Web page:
A wild trade deadline brought out the JR Smith the Cavs need

From ESPN - February 13, 2018

Before Game 7 of the 2016 NBA Finals between the Cleveland Cavaliers and Golden State Warriors came to its dramatic three-part conclusion with The Block by LeBron James, The Shot by Kyrie Irving and The Stop by Kevin Love, there was The Eight by JR Smith.

With the Cavs coming out of halftime trailing the Warriors by seven points on Golden State's home court, Smith scored eight points on 3-for-3 shooting in the first two minutes and 26 seconds of the third quarter to draw Cleveland within two. It dashed the Dubs' hopes of breaking the game open and sprinting toward the title as they did in the deciding Game 6 of the 2015 Finals. And it cemented Smith's place in Cleveland sports lore as one of the heroes who helped cease a 52-year championship drought.

Fast forward less than two years later, and so much is different for Smith and his teammates.

The most dramatic domino of change was Irving being traded to the Boston Celtics in the offseason, of course, but there have been multiple moves that have totally reshaped the roster since June 2016 to the point where the Cavs are hardly recognizable anymore.

"It's crazy," Smith told ESPN after Cleveland's 121-99 rout of the Celtics on Sunday. "We were on the plane on the way [to Boston] and I just started looking around and only really [four] seats are still the same from when we, like you said, won the championship. ... I just told the guys, 'Man, this is crazy. We really like, got a whole new, a whole new team.' And I looked across and Bron was just shaking his head like, 'Yeah, yeah, but we got a f---ing squad, too.'"

James, Love, Tristan Thompson and Smith -- the four holdovers from the title team -- received a four-man infusion of talent last week when the Cavs acquired George Hill, Rodney Hood, Jordan Clarkson and Larry Nance Jr.

Many assumed that the addition of Hood -- a sleek, 6-foot-8 shooting guard -- meant that Smith and his unreliable 39.4 shooting percentage from the field and 36.7 percent 3-point accuracy this season would be headed to the bench.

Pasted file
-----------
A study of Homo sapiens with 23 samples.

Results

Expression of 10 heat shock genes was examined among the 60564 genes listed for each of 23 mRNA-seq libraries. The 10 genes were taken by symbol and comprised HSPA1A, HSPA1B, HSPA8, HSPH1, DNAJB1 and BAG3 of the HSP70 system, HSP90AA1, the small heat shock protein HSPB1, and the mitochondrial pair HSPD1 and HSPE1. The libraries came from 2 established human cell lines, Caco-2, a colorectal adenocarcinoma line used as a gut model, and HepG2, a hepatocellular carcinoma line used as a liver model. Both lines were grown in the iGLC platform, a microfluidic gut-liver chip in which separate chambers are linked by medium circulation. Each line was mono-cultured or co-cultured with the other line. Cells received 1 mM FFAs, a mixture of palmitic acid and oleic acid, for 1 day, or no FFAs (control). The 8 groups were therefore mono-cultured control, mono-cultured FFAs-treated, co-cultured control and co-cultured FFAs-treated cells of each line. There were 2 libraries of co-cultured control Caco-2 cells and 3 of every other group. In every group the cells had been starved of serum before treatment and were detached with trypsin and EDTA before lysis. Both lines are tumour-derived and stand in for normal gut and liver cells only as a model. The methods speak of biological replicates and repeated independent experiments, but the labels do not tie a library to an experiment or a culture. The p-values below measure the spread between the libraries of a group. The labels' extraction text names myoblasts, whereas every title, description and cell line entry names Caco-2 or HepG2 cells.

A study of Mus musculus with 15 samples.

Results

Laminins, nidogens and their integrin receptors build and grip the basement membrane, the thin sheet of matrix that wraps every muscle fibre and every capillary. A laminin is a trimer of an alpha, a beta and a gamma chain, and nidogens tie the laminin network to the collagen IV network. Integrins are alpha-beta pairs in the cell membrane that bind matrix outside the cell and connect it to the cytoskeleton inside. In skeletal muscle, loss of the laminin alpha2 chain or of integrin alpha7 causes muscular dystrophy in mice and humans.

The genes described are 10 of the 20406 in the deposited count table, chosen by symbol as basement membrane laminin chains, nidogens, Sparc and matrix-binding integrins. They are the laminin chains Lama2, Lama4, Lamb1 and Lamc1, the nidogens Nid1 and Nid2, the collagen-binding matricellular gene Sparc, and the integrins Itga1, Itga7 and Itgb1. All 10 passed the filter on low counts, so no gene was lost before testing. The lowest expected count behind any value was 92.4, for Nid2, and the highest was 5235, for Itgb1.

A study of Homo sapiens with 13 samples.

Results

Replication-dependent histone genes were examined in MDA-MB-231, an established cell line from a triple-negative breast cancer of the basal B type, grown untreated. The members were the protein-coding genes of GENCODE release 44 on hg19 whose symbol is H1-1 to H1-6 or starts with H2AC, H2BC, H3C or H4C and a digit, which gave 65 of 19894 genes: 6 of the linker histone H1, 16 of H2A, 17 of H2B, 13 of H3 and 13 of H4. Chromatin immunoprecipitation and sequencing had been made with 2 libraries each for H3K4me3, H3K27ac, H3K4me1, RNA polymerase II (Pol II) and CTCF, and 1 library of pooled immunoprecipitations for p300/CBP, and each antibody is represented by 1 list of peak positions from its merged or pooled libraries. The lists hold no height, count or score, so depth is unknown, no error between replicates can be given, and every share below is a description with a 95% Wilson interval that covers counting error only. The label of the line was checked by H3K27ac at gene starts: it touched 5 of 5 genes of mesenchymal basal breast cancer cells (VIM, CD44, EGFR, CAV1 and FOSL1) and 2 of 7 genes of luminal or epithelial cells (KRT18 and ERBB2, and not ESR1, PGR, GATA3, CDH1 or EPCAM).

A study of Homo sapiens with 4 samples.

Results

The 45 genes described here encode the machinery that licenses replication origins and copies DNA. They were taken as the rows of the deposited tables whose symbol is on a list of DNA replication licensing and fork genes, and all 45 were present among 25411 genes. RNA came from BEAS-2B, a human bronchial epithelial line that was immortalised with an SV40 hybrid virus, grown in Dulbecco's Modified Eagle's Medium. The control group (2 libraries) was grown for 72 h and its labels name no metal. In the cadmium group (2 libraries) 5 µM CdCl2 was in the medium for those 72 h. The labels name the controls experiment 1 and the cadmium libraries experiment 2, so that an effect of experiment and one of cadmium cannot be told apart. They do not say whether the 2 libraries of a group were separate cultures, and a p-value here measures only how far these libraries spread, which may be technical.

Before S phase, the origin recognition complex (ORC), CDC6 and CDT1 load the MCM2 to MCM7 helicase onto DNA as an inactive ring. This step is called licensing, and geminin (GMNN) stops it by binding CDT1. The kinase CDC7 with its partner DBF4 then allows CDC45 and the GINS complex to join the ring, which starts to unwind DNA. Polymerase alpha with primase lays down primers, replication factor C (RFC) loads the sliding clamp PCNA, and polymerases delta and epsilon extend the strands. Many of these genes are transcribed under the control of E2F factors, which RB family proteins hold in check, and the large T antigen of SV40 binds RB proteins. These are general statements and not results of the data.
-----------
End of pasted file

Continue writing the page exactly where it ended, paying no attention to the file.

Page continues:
However, Cavs coach Tyronn Lue intends to stick with Smith, just as he's done ever since he plugged him back into the first unit following a brief experiment with Dwyane Wade to begin the season.

"JR's done a lot for us," Lue said Monday. "If it was not for JR in '16 making those eight straight points coming out in the third quarter, we do not win the championship. People saying, 'Quit on JR, give up on JR.' It's not right. And he gives us effort and energy every night. Sometimes your shot is going to come and go, that's just part of the game. For the most part, his effort is there every night. That's why I wanted to stick with JR and I do not want to lose JR. Make sure [to] keep him in good spirits, going in the right direction. He's big for us. When he's making shots, when he's being aggressive, our team is a whole different team."

Smith's shot is with him as of late. He's hit three or more 3s in six of the Cavs' past nine games. And in those games when Smith was clicking -- including his 15-point performance against the Celtics, when he went 6-for-7 from the floor (3-for-4 from 3) -- Cleveland is 4-2.

Just like how Smith came out gunning in the second half of Game 7 facing elimination against the Warriors, the 14-year veteran's season took a turn for the better this year when he went for broke with the trade deadline approaching.

"It was, 'You know what? The hell with it. If I am going to get traded, I am just going to go out playing the way I know how to play,'" Smith told ESPN.

He sweat out Thursday. The $14.7 million he will be owed next season as a 33-year-old followed by the $15.6 million he's on the books for in 2019-20 made his contract difficult to move, of course. But with Cleveland completing wholesale changes, Smith was uneasy.

"My name was being thrown around a lot out there, so it was nerve-wracking for sure," Smith said. "When you see six guys getting traded and there's still more than an hour to the trade deadline, there's no telling what can happen."

He survived the deadline and he will remain in Cleveland -- a place he calls a "perfect situation" for his family, even when the basketball is sometimes far from perfect. Last week after a home game, Smith and his wife, Jewel, popped a black balloon held by James' wife, Savannah, which contained pink confetti in a gender reveal captured for social media. The Smiths, who have three daughters already, are adding a fourth.

Smith is returning to his "When in doubt, shoot" credo on the court -- a significant shift in confidence from a guy who was tempted to bench himself earlier in the season.

"There were times when I wanted to go to [Lue] and be like, 'Listen, man, I am not playing well. Why not take me out?'" said Smith, who in 14 games this season has scored three points or fewer. "Fortunately, I did not and just stuck with it. I have known T-Lue since my rookie year. Our relationship is based on communication -- how he communicates with me, how I communicate with him. He's been really consistent at that."